FEB 08, 2017 10:37 AM PST

Is Graphene Finally Easy Enough to Make?

WRITTEN BY: Anthony Bouchard

There's a super special multi-use and versatile material out there known as graphene, and manufactures have been looking for cost-efficient a way to mass-produce the stuff since it was originally discovered back in 2004.

It's stronger than steel, and yet lighter than plastic. It's a very special material that could make unbreakable smartphone screens, could help us build more durable building and/or bridges, and much more. Additionally, it's biodegradable and it works well with organic matter.

Unfortunately, no way of making graphene is in any way, shape, or form, easy. But a new method described in the journal Nature Communications that involves super-heating soybean oil to approximately 800º Celsius atop of a sheet of nickel foil.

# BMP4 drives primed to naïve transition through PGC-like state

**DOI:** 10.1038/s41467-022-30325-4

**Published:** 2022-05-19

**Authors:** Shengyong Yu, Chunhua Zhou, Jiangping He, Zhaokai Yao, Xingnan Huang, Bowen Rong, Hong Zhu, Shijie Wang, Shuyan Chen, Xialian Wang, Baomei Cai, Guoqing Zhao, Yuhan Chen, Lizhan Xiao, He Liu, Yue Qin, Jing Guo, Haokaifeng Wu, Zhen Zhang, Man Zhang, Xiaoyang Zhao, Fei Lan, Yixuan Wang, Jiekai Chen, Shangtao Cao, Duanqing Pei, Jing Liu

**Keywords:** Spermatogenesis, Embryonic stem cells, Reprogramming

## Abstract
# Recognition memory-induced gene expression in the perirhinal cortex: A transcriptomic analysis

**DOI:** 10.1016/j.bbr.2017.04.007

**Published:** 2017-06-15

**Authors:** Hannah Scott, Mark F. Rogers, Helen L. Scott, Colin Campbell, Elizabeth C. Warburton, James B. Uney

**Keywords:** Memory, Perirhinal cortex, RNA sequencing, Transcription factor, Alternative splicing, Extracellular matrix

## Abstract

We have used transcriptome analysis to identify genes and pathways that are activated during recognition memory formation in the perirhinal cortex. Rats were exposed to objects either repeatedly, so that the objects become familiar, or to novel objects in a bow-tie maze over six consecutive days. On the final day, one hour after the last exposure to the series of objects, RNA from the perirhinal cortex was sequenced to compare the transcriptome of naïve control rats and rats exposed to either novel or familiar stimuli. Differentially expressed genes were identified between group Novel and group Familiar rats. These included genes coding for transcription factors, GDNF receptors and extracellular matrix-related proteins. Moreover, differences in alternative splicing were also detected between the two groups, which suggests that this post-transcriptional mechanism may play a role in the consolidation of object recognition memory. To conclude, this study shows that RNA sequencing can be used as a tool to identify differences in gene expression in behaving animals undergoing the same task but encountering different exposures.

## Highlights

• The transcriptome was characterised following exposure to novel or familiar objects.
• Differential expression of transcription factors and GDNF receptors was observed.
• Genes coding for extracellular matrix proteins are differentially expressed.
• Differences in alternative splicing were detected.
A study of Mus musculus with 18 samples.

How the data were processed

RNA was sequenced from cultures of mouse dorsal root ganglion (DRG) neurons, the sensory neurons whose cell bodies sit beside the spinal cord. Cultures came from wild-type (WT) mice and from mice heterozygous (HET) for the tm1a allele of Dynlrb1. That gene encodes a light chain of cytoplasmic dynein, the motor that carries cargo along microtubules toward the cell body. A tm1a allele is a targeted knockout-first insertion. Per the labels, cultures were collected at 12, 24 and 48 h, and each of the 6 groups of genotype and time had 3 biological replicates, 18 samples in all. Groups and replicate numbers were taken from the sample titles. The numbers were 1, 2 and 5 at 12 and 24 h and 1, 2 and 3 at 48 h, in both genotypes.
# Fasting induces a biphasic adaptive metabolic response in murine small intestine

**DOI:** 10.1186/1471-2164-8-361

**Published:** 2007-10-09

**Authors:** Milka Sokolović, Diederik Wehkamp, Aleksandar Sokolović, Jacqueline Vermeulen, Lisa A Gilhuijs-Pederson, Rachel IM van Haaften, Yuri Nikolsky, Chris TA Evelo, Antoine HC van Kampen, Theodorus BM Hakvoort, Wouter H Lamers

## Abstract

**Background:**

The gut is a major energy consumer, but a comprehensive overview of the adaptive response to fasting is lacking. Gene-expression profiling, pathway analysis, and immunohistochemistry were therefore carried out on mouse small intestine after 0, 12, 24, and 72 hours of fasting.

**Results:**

The process is good enough to create credit card-sized sheets, but even at this production speed, it's still very difficult to produce. Nevertheless, it's a much easier method, as it doesn't require a laboratory or a vacuum chamber.

It would seem that high amounts of heat are the key to producing the stuff, and it's even possible to produce the material in chunks, but there's a lot of confusion about how to create it in the shapes and sizes that we need in vast quantity. Production is also super expensive.

This is a problem we aim to solve in the near future, as graphene could one day change the way we build our world.

About the Author
Fascinated by scientific discoveries and media, Anthony found his way here at LabRoots, where he would be able to dabble in the two. Anthony is a technology junkie that has vast experience in computer systems and automobile mechanics, as opposite as those sound.